A bad credit score can have abroad impact on your life — from delivering higher interest rates on loans to complicating your next rental apartment application.
With all this on the line, it makes sense that you want to change it.
Here’s the good news — no score is permanent, even if you dropped to the lowest category. Credit scores are dynamically tied to your borrowing habits, so your three-digit number will change as you take out loans and pay bills.
If you change your borrowing habits, you can eventually raise your score from whatever low number it is today.
Until then, you might face some challenges, but don’t worry—this guide is here to help. Whether you need to borrow a cash advance today or just want to beef up your score for the future, keep scrolling. Here’s what you can do with bad credit.
What to Do if You Need to Borrow Today
The unexpected doesn’t wait until you manage to pull up your score to a prime rating. They can happen at any time, even when you’re least prepared to borrow.
If you find it hard to get approved with your current score, try your luck with online loans. Going online increases your selection, with many different types of advance loans available today. While you might not be approved for all of them, the odds of finding a cash advance for which you qualify are higher than if you only applied with your local bank.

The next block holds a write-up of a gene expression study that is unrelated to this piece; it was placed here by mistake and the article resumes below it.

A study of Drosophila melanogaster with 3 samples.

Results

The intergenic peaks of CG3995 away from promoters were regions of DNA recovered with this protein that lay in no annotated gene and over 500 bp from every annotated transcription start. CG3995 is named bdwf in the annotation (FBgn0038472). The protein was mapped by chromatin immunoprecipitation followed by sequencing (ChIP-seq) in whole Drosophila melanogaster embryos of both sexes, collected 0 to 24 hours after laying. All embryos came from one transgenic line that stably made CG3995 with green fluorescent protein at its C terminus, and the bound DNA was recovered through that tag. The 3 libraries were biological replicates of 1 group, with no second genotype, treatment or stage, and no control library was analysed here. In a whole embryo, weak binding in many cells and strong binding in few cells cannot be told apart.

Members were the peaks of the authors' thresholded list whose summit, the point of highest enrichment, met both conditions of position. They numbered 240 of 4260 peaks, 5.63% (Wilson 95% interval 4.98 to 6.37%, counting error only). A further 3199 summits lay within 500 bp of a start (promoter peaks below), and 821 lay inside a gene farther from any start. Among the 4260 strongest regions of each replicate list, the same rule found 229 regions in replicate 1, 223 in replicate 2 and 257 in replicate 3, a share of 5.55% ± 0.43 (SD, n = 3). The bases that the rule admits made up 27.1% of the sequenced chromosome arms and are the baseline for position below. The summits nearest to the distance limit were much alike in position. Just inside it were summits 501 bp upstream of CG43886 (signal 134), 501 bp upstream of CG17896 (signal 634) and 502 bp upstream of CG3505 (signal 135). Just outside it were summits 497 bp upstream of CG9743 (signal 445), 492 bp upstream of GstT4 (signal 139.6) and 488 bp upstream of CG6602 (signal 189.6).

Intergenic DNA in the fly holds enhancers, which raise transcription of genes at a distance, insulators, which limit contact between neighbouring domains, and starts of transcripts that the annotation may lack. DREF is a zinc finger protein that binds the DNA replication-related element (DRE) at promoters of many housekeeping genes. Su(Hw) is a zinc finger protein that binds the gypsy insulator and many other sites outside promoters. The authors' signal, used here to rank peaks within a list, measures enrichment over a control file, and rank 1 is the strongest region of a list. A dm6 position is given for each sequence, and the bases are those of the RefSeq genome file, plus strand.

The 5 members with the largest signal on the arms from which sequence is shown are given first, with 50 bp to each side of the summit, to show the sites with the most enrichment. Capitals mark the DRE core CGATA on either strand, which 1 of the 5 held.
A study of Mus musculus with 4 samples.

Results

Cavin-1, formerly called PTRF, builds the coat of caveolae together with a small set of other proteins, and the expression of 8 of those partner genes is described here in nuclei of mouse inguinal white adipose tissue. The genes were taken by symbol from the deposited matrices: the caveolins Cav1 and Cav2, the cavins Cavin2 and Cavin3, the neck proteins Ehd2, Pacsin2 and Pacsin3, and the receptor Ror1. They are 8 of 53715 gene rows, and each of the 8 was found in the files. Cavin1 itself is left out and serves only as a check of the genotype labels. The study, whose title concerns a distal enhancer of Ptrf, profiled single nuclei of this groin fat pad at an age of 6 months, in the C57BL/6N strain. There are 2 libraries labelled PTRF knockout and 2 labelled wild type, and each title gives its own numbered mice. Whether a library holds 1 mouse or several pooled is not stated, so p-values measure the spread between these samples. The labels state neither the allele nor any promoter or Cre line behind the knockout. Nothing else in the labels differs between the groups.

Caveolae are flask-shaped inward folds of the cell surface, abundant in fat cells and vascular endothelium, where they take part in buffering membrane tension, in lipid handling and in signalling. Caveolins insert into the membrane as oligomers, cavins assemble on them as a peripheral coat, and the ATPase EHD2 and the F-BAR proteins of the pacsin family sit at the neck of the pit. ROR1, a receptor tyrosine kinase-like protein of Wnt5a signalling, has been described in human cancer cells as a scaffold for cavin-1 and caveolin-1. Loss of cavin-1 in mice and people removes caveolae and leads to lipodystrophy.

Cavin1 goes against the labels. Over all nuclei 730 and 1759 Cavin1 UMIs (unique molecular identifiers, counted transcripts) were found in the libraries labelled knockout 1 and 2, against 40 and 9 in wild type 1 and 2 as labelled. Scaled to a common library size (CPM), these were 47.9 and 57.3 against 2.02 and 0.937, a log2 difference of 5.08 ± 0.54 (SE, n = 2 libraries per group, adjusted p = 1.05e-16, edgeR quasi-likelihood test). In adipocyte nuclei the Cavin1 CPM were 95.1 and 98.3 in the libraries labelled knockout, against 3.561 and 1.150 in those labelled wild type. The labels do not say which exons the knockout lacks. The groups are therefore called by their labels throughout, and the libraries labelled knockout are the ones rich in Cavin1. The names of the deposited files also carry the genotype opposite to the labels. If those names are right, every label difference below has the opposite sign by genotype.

While borrowing with bad credit may be harder, it isn’t impossible. Now that the pandemic is over, lenders are loosening some of their toughest approval standards. According to the Wall Street Journal, lenders gave borrowers with bad credit a record-breaking $22.9 billion in personal loans in 2021 — that’s a 34% increase from 2020.
Practical Tips to Increase Your Credit Score
Knowing a cash advance may be available can give you peace of mind. But ideally, you won’t have to borrow until you can manage to increase your score.
Let’s get candid — there’s no way you can convert your bad score into a perfect one overnight. Negative entries cling to your reputation for years, during which time they will affect your score until theyexpire.
But don’t give up. Every positive entry you add to your report in the meantime will count that much more once the bad stuff disappears.
- Pay Bills on Time: According to FICO, payment history accounts for 35% of your credit score, so you should focus on making timely payments. You should make a budget to help you pay all your bills on time, including credit cards, online loans, utilities, and other regular expenses.
- Reduce Credit Utilization: The next greatest share of your credit score is your utilization. This represents how much of your overall line of credit you use at one time. Experts suggest keeping your credit card and line of credit balances well below 30% of your available credit limitfor the best results.
- Dispute Errors on Your Credit Report: Regularly review your credit report for any errors or inaccuracies. Dispute incorrect information with the credit bureaus to ensure your report reflects accurate details.
- Seek Professional Guidance: Consider consulting with a credit counselor or financial advisor who can provide personalized guidance. They can help you develop a customized plan to improve your score and offer insights into debt management strategies.
Stick with It!
Improving your credit is tough, but it’s possible. With perseverance and the right strategies, you can pave the way for a brighter financial future.